Every week or two I get asked by someone if I am liking my experience thus far in Los Angeles. I’ve been here now almost 9 months. I could have given birth in this amount of time. Nine months is a big psychological marker. Yet, I usually pause for a millisecond and answer yes with a slight shrug. That answer seems to suffice for most people. They either don’t notice the shrug or they were just being polite when asking. Or maybe the conversation was more about them and this was one of those questions to make it seem like they weren’t being self-centered. Occasionally, someone will try to probe and will ask me why I like Los Angeles.
Often, my first response to “why” is that LA is way better than San Francisco which has gentrified to the point that many of those that live there don’t know there was once affordable housing, ethnic minorities and actual differences in thought and opinion. San Francisco used to once have diversity. Or so I have been told. Those things have long ceased to exist (in a horrifyingly rapid way). The San Francisco of yore is no longer on the endangered list as it just plain old doesn’t exist anymore. So, why do I like LA? It’s not San Francisco. Too simple?
I understand my liking of something/someplace should not be based on what it is not. However, after two stints, decades apart in San Francisco, I have decided there wont be a third time in San Francisco for me unless it is to be Facebook’s new CEO. I also understand that LA has its detractors. Before I moved down to Los Angeles from San Francisco, I was warned about moving to “LA LA” land. Mr hippie dippie John Lennon (you know that Beatles guy) noted that Los Angeles is “just a big parking lot where you buy a hamburger for the trip to San Francisco.” Well, that is just not true. For starters, it’s hard to find parking in LA. Second, eating hamburgers will probably soon be banned in San Francisco. Oh wait. Thats an argument for buying the burgers before heading on up to San Francisco.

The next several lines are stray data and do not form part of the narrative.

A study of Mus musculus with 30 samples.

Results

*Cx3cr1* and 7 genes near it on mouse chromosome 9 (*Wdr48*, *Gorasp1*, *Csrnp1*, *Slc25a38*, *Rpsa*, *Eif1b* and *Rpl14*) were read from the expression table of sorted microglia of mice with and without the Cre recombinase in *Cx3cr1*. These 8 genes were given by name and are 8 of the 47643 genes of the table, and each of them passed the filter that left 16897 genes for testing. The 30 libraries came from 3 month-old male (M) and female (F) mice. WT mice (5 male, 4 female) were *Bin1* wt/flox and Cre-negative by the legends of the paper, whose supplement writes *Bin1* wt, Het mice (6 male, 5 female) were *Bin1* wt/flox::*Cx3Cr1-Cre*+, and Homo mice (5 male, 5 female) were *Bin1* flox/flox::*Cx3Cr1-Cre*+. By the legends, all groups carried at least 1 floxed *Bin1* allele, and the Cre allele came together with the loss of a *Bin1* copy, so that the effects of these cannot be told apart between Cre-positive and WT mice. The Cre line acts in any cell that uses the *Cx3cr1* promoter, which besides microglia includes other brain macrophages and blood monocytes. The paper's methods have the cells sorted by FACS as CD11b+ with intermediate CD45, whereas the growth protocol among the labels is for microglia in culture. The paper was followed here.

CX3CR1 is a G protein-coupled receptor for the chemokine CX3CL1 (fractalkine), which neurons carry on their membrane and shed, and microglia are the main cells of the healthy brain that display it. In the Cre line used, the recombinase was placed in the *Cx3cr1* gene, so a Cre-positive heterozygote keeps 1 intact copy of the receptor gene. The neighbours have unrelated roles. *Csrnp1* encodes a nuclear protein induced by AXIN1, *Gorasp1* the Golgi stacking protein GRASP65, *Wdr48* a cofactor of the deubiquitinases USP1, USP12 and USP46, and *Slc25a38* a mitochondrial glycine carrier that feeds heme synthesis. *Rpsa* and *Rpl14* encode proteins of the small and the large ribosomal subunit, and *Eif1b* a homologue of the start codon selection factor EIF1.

Anyway, Los Angeles has a lot to offer. Are people a little too laid back? Actually, no. Based on stereotypes, popular culture and the long-simmering war between those in LA and San Fran, you would think all of LA consisted of beach bums. However, having been a manager in both places, I would argue the opposite. I have seen a fairly strong work ethic in LA. I have seen young individuals turn down scholarships to great colleges outside LA so that they could still work in and help the community. I’ve seen a driven LA workforce. Up in San Francisco, I had a slightly different experience. It might have just been the fields I’ve been in.
Besides an interesting workforce, LA has great restaurants that one can enjoy. But everyone knows that. However, because I don’t cook, restaurant choices are a huge deal for me. That is not the deal closer, however.
I’m going to admit I do not know why I like LA. I will tell you this. I loved being able to go to the beach two days in a row this weekend and soak in all the sun I could. I relaxed and just put my head on the blanket instead of pulling a blanket over my head, as I have typically done in the past. I normally shy away from the sun. Here, in Los Angeles, I have finally embraced the sun and was happy about it. I saw myself reflected onto the beach and felt at peace.